Social media companies ‘will check children’s ages like shops check ID for alcohol’

Posted: 2nd November 2023

Michelle Donelan, the Digital Secretary, says enforcing age limits will be ‘front and centre’ of the new Online Safety Act.

Teenagers will have to prove they are over 13 to be on social media in the same way that supermarkets demand ID checks to buy alcohol, says the Digital Secretary.

In an exclusive interview with The Telegraph to mark this week’s royal assent of the Online Safety Act, Michelle Donelan said she expected social media platforms to model their age checks for children on Challenge 25 – where shops require ID to buy alcohol if they suspect you are younger.

It would mean any teenager appearing to be under 21 would have to provide “additional information” like age-verified ID to join or remain on a 13-plus social media site like Facebook, Instagram or Snapchat, said Ms Donelan.

Social media firms will be expected to deactivate any under-aged children’s account or face “humongous” fines for failing in their statutory duty to enforce age limits, she said.

“The reason why so many under-aged children are online at the moment is because it’s a completely unregulated space. It’s like a wild west. If they find that some of their users are not at least 13 – and some platforms have a higher age requirement – then they will have to deactivate accounts,” said Ms Donelan.

Social media bosses could face jail

She also warned social media bosses they would face jail if there was a repeat of the Molly Russell scandal, said she expected social media firms to stamp out misogyny and pledged there would be no compromise on encryption where it put children’s safety at risk from paedophiles.

Enforcing age limits on social media will be “front and centre” of the new legislation, said Ms Donelan, with the companies expected to introduce “highly robust” age checks.

Ofcom, which will be responsible for policing the new regime, estimates as many as 60 per cent of eight to 11-year-olds have social media profiles, equivalent to some 1.6 million children across the UK despite most sites having 13-plus age limits.

“If a platform doesn’t have a higher age rating than 13, then they could potentially try to assess whether the individual was 21, for example. So it’s about going above and beyond the requirement to ensure that you actually meet the requirement, which is the same as what we see in supermarkets and off licences,” she said.

“Because if they fail, and are weak in their response to this, they will face these humongous fines and worse, potentially.”

Ofcom to access algorithms

The Act gives Ofcom powers to jail tech bosses for up to two years if they persistently breach their legal duties, a measure demanded by campaigners including Ian Russell, the father of Molly, who took her life aged 13 after being bombarded with self-harm and suicide posts as a result of social media’s algorithms.

Ms Donelan said the law would enable the regulator Ofcom to get access to algorithms in any similar case. “It isn’t just always the content, it is the quantity of the content that is seen. That was very much the case in Molly Russell’s case. She was bombarded with absolutely horrific content because of the algorithms,” she said.

“That was why we were so determined to make sure the Act delivered in that sense. If a social media company doesn’t just evade the law, but they also evade the regulator, when it comes to child abuse and exploitation, they could face jail time. That means that we’re going to ensure there is compliance with this Act.”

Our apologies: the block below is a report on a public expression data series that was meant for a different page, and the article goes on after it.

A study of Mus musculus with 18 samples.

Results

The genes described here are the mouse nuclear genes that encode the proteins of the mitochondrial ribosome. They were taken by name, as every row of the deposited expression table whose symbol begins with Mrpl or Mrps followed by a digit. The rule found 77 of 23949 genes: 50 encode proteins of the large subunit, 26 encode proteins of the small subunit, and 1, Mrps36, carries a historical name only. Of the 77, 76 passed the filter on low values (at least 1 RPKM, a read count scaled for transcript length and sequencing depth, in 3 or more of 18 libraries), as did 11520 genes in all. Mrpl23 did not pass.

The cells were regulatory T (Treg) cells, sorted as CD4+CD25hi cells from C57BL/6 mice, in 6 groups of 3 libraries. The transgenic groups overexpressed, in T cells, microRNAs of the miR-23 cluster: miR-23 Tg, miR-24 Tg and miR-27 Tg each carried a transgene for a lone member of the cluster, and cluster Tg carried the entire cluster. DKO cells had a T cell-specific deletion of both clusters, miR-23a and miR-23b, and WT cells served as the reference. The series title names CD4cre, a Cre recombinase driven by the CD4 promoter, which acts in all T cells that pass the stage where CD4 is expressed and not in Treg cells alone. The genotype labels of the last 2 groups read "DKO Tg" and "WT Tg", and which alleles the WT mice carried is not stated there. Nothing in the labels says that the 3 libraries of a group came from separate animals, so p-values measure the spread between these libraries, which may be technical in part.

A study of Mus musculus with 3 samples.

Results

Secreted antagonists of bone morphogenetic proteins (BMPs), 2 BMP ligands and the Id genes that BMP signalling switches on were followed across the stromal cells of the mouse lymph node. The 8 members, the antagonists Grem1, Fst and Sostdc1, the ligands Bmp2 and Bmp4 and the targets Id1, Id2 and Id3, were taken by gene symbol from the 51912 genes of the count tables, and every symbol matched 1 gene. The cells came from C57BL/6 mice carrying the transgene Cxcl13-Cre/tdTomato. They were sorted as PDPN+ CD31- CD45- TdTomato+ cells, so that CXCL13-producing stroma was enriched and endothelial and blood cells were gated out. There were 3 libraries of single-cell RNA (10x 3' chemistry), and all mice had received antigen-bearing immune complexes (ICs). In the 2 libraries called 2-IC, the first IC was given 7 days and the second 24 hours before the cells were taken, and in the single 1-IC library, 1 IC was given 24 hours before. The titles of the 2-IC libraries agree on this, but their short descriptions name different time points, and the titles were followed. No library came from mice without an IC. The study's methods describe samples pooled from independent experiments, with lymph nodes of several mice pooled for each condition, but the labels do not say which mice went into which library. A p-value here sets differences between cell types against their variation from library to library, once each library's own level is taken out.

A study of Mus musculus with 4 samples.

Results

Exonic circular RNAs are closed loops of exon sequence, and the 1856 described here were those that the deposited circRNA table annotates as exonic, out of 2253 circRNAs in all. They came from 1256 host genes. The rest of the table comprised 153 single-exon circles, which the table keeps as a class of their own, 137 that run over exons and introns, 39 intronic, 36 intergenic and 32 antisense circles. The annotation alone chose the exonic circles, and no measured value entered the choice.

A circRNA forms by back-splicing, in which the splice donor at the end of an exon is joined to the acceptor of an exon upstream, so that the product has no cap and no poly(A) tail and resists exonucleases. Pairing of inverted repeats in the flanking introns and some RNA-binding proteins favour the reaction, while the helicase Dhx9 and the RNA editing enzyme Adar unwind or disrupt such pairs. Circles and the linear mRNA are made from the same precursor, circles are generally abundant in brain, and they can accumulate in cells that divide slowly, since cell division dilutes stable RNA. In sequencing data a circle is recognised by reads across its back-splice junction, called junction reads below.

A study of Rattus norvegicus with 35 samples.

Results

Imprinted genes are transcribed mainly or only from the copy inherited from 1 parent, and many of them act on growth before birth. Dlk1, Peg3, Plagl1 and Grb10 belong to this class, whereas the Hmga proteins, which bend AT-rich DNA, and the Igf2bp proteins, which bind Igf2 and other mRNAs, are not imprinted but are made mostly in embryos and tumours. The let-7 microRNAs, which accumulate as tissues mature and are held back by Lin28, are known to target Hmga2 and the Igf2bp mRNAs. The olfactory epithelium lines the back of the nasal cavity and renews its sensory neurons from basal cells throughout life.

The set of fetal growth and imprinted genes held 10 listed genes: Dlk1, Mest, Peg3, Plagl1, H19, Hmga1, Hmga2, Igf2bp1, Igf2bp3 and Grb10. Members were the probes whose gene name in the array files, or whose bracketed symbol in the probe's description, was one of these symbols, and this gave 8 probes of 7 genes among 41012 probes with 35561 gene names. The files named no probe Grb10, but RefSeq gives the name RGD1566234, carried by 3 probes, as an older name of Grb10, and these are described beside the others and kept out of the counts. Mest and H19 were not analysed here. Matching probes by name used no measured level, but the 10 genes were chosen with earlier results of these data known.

Ms Donelan said women and girls faced a “disproportionate” number of threats and abuse online but believed that the “triple shield” that she introduced would counter illegal content and hold companies to account by forcing them, by law, to abide by their terms and conditions, most of which ban misogyny.

She said user empowerment – the third element of the triple shield – would enable people to require tech firms to filter out content to ensure they were “prevented from seeing outpourings of heinous material”.

She said the filter would also help protect free speech as it would enable social media users to “see what they want to”. The triple shield replaced proposals to regulate “legal but harmful” content which Ms Donelan admitted “did infringe on free speech by the creation of this quasi-legal category”.

Ms Donelan warned that companies would not be able to go ahead with encryption unless they could assure Ofcom they had measures in place to maintain the same level of protection of children from abusers or paedophiles seeking to groom them.

“The Government strongly believes that encryption is important for privacy, and maintaining privacy. But what we don’t believe and subscribe to is that it is a binary choice between protecting privacy or protecting children from online predators,” said Ms Donelan.

“That is why we have injected a safety mechanism whereby if there was a situation where a platform had encrypted or was about to encrypt, and there was real concerns and evidence that their platform was a hotbed of paedophilia, Ofcom can work with them to see if there are other mitigations they can put in place.

“And if they don’t prove successful and don’t prove robust enough, they could then ask them to invest in research in a technology that will protect encryption whilst also enabling the identification of these heinous individuals, and then potentially deploy it.

“That’s the right thing for any government to do, because I don’t think it would be morally right for the Government to turn a blind eye to online predators. We have a duty to protect our children and the future generation from such harms.”